Ron Nehring, former chair of the California Republican Party, announced today he’ll run for lieutenant governor against former San Francisco Mayor Gavin Newsom, the incumbent Democrat.
Nehring headed the state GOP from 2002 to 2011. Before that, he headed the Republican Party in San Diego County, one of the GOP’s traditional strongholds in the state. During that era, Republicans have gone from controlling most of California’s statewide elective offices, even briefly grabbing a majority in the state Assembly, to being completely shut out from statewide office and holding fewer than one-third of the seats in each house of the Legislature. It’s also a period in which Republican voter registration has fallen from 36.2 percent of eligible California residents to 28.7 percent (Democrats are down, too, from about 46.8 percent to 43.6 percent).
Nehring is positioning his campaign as one that will bring “bold, serious reform” for the state. In a statement on his campaign website, he accuses Newsom of using the state’s No. 2 elected office as “a taxpayer funded gubernatorial exploratory committee.” He says Gov. Jerry Brown’s policies have created a state with high taxes, a high rate of poverty and shrinking economic opportunity.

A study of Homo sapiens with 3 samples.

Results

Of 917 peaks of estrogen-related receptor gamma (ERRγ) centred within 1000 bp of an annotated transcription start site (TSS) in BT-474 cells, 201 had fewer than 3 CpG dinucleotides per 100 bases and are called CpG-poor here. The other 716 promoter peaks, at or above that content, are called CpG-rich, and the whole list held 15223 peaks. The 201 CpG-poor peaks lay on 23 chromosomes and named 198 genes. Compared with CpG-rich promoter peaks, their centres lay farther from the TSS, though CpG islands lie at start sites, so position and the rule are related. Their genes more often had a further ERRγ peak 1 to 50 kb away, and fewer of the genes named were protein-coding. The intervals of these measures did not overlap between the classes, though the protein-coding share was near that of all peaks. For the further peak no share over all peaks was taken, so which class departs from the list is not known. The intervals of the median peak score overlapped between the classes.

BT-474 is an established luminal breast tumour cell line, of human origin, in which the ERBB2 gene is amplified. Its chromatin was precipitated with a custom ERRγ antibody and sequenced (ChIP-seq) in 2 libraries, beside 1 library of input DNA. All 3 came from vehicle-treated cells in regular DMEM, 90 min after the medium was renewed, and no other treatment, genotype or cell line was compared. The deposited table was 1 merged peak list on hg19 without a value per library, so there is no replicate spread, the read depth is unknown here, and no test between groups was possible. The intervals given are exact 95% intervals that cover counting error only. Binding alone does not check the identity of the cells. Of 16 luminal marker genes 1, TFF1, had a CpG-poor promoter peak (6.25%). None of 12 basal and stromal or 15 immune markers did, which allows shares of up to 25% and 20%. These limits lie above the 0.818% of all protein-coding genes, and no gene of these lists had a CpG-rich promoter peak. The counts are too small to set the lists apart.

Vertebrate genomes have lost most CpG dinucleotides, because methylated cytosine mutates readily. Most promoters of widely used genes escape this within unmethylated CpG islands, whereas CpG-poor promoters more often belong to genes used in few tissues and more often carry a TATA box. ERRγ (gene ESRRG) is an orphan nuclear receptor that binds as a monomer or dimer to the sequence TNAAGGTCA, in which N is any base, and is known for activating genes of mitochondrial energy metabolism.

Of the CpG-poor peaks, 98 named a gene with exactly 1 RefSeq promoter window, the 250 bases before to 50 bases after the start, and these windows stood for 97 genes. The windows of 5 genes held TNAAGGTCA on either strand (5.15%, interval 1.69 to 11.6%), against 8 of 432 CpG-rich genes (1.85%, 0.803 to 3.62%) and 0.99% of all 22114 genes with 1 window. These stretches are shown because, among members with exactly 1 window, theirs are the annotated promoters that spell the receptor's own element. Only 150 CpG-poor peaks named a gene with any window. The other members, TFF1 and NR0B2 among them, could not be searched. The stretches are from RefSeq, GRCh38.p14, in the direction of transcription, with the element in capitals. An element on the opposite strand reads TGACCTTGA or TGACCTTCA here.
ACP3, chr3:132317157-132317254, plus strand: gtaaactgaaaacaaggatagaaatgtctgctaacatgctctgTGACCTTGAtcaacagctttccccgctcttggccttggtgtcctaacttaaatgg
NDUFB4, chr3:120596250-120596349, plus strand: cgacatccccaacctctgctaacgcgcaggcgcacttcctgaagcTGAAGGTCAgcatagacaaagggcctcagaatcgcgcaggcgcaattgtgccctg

Nehring’s statement also says, in part:
Around the world, California is recognized for the innovation, creativity, and hard work of its people. But today we have a government that is failing in too many ways: sky-high unemployment, more poverty than any state in the nation, failing schools and a toxic environment for job creation. We can do better. …
… Today we’re taking the first step in putting forward a better vision, better ideas, and a better plan for California,” said Nehring. “At a time of serious economic problems, California needs leaders who will be relentless in putting forward the bold reforms needed to make our state competitive again.
Nehring’s statement promises “comprehensive tax reform, pension reform, regulatory reform, education reform, reining in frivolous lawsuits, and more.”
The statement uses the word “reform” nine times in all, but offers no specifics on programs Nehring advocates.